Craig Ulmer

Antenna Range for Watching Planes

2017-03-04 rf planes

One of the things I've been doing lately with the airplane data I'm collection with my RTL SDR is come up with better estimates for how much coverage and range I get in my local area. While you can easily estimate range just by watching dump1090's map output, you really have to look at a whole day's worth of data or more to get a good idea of what you can see. It's also useful to come up with some numerical estimates of the coverage so you can compare one hardware setup to another. After dusting off geometric algorithms, I realized the right thing to do was clean the data a bit and then compute the area of a convex hull for the points. The SciPy spatial library for Python has a ConvexHull that makes this easy to do.

Computing the Convex Hull

My airplane data is just a collection of geospatial points collected each day, so a good way to quantify my range would be to find a bounding shape for the points and compute the area. A bounding rectangle would be quick and easy, but inaccurate. I started thinking about algorithms to rotate a rectangle for a better fit, or recursively remove sections of it until it gave better coverage. Realizing that I was reinventing the wheel, I searched around for known solutions. A s/o answer pointed me to the gift wrapping algorithm, which builds a bounding polygon by comparing all remaining points and selecting the one that would maximize the new interior angle. It looked like it'd be fun to code up, but expensive to compute.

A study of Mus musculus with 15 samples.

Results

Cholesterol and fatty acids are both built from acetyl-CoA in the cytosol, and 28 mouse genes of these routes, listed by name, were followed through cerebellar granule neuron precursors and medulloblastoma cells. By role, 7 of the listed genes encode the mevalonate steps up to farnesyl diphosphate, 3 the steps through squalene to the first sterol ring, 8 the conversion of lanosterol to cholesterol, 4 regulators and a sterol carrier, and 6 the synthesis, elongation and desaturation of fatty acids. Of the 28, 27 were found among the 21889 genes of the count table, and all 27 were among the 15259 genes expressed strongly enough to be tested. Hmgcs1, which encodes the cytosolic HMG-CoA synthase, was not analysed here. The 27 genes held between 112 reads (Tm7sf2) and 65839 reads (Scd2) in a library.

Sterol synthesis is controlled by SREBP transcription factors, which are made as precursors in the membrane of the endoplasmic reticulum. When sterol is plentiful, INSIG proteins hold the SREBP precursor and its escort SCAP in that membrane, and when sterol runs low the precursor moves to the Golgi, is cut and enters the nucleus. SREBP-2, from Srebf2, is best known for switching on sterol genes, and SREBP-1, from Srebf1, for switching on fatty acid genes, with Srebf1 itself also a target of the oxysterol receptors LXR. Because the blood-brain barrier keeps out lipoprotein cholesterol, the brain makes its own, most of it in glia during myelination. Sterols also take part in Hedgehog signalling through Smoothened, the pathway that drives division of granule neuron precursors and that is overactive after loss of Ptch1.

I then stumbled onto a youtube video that explained how QuickHull selected the four (left,right,up,down)-most points to build two triangles, removed all the interior points, and then selected points that would add the largest triangle to the polygon (or remove the most points). I was looking forward to coding this up, but once again, I wondered what was already available. Naturally, you can already do this in python: SciPy's Spatial library has ConvexHull. It's as easy as:

from scipy.spatial import ConvexHull
import matplotlib.pyplot as plt

# Do something to get some 2D points

# Let Convex hull do the work
cv = ConvexHull(pts)

#cv.vertices has the bounding polygon

print("%f\n" % cv.area) # Get some stats

Sigh.. Python's great, but it sure does take the fun out of everything.

Generating Plots

There was stil a good bit of other cleanup and map stuff I had to do to start making reasonable pictures. First, I had to throw out some bad data. I still get a lot of bad points, most likely because of transmission errors (or misconfigured transmitters?). I filtered everything out that's outside of a reasonable range (though this was tighter than it needed to be). The number of bad points in any day was 1.2% of the observed points (50% of the days had less than 0.01% bad data). For plotting I had to load in Basemap and do all the normal merc projection stuff. For something so fundamental, this always seems to take a lot longer than it should. In any case, the pictures look good when you finish.